While the market seemed generally unimpressed by the Federal Reserve's pledge to hold interest rates down until the U.S. unemployment rate drops below 6.5 percent, the usual suspects among ETFs performed as expected Wednesday.
Following the conclusion of the central bank's last monetary policy meeting of 2012, the PowerShares DB US Dollar Index Bullish (UUP), the ETF equivalent of the U.S. Dollar Index, fell almost 0.2 percent on above average turnover. The SPDR Gold Shares (GLD) and the iShares Gold Trust (IAU) closed slightly higher. The iShares Silver Trust (SLV) impressed with a gain of 1.4 percent on strong volume.
There is another near-term option for traders looking to take advantage of monetary easing and it arguably has nothing to do with the Fed. Emphasis on "near-term," but it is worth noting the ProShares UltraShort Yen (YCS) surged 1.5 percent on volume that was better than triple the daily average on Wednesday.
In the process, the ProShares UltraShort Yen broke through resistance in the $46 area to close at $46.72. That is the highest closing print for YCS since April.
The utility of YCS, which in the words of its issuer "seeks daily investment results, before fees and expenses, that correspond to two times the inverse (-2x) of the daily performance of the U.S. Dollar price of the yen," is clear.
Japan, the world's third-largest economy, is scheduled to hold elections on Sunday December 16. Given recent price action in YCS, it would appear forex traders are pricing in victory for Shinzo Abe in his quest to become prime minister again and for Abe's Liberal Democratic Party.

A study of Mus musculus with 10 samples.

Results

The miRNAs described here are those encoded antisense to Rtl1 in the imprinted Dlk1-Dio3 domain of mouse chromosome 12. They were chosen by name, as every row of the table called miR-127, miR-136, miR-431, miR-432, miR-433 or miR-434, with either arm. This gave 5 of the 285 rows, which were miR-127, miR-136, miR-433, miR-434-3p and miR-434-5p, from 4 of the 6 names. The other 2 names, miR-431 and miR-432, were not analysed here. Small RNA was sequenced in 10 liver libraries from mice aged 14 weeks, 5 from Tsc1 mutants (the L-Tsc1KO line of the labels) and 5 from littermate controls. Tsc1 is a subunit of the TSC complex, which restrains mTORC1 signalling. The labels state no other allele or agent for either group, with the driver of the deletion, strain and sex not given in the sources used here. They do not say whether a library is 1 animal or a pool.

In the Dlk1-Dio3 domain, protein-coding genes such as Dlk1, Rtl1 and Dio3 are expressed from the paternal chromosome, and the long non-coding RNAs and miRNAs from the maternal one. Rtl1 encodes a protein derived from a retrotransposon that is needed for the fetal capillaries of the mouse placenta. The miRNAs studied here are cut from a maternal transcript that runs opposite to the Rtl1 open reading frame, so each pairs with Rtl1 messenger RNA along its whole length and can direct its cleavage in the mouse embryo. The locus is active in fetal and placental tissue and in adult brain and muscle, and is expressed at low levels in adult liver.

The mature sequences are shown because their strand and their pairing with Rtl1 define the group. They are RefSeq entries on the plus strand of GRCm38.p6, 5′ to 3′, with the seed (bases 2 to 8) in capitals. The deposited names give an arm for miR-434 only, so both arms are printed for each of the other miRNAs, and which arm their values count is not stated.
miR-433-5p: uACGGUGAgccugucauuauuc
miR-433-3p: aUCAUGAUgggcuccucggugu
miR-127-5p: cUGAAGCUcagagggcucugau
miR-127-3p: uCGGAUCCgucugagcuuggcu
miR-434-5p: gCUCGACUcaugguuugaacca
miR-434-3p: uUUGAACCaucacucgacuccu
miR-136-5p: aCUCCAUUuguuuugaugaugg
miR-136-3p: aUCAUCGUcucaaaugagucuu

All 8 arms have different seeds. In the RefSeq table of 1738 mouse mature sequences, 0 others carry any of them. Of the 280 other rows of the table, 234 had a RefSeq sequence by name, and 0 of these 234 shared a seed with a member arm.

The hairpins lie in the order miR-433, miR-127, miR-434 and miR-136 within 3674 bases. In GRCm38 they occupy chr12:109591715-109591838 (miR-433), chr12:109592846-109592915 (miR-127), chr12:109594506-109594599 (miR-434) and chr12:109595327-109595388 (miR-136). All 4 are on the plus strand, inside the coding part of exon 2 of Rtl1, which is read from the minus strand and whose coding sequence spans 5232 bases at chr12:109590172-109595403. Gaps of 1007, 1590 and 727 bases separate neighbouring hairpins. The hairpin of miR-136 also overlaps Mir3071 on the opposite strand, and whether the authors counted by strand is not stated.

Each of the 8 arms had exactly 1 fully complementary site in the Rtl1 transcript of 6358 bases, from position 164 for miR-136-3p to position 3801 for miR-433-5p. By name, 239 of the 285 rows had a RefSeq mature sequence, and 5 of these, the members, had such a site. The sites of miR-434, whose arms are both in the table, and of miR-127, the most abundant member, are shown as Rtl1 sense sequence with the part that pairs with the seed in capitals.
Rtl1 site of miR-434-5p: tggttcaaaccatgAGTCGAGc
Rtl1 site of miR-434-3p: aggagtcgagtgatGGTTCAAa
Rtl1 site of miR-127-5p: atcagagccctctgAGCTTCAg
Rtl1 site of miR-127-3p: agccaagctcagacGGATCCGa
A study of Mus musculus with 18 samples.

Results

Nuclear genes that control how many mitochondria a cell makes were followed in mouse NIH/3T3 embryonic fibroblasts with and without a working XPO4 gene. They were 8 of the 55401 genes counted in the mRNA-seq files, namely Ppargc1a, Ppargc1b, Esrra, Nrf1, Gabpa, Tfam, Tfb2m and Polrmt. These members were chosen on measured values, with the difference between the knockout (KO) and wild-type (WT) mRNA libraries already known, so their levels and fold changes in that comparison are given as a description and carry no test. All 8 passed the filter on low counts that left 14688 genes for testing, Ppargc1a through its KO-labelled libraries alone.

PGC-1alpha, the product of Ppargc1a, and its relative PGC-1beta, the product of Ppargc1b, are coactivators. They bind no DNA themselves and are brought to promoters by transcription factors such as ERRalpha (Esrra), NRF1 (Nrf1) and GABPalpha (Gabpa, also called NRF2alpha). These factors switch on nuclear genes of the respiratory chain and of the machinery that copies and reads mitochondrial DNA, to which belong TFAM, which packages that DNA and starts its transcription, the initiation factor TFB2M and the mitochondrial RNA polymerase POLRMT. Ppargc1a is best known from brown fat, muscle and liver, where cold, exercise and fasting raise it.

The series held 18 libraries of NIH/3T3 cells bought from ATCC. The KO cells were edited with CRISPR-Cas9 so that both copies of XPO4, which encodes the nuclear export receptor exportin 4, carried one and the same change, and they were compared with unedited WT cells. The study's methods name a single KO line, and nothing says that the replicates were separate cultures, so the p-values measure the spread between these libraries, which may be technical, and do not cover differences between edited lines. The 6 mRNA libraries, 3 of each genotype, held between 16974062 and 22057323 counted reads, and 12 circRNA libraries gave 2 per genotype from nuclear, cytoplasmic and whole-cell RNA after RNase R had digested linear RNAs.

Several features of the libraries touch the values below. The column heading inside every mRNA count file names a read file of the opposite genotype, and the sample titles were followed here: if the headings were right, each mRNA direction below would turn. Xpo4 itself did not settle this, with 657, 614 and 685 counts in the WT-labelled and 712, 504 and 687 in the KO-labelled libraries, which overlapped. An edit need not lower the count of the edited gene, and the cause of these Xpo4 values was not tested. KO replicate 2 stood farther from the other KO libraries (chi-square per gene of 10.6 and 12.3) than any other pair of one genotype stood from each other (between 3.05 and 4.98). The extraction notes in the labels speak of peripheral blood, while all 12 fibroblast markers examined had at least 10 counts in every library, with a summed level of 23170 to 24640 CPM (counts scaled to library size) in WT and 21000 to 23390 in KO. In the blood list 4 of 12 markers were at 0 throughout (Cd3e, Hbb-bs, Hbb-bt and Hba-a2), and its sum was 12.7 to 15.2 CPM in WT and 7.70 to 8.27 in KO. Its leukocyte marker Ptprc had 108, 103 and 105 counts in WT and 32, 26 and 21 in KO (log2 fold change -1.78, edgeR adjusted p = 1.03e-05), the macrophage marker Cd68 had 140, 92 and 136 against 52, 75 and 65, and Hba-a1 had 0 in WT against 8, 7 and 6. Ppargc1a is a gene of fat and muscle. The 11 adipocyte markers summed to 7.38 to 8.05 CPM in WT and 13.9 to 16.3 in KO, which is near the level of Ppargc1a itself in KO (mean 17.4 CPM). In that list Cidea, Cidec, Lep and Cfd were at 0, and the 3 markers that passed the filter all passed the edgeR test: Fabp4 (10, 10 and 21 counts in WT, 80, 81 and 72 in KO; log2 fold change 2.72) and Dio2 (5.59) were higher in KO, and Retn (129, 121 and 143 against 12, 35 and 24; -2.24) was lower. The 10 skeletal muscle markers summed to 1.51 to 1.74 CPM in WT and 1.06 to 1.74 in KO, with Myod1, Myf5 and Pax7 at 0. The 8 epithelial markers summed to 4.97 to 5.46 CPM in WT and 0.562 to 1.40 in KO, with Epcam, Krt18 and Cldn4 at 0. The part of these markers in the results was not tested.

Should Abe emerge victorious, the yen will likely plummet because Abe has been vocal in his desire to weaken his country's currency. In fact, Abe is a dream come true for quantitative easing addicts because he has called on the Bank of Japan to engage in unlimited easing.
Recent polls suggest Abe will win and that Japan's ruling Democratic party will suffer significant losses. That is good news for YCS.
Proper trading of YCS revolves around remembering two key points. First, YCS is a leveraged ETF just like the more widely known Direxion Daily Financial 3X Bear Shares (FAZ) or the ProShares UltraShort S&P500 (SDS). That means YCS is best used as a short-term instrument not a long-term investment.
Second, the yen has a penchant for short-term declines when the Bank of Japan intervenes in the currency market or when rhetoric, such as Abe's, is favorable. However, the Japanese currency has been strong in recent years. YCS has a plain vanilla counterpart, the CurrencyShares Japanese Yen Trust (FXY). FXY's daily chart is a train wreck, but over the life of that ETF, it has surged 40.5 percent.
Perhaps Abe will be able to affect real downside for the yen, but until that becomes clear, treat YCS as a trade because the near-term forecast is sunny. Worry about the long-term outlook another day.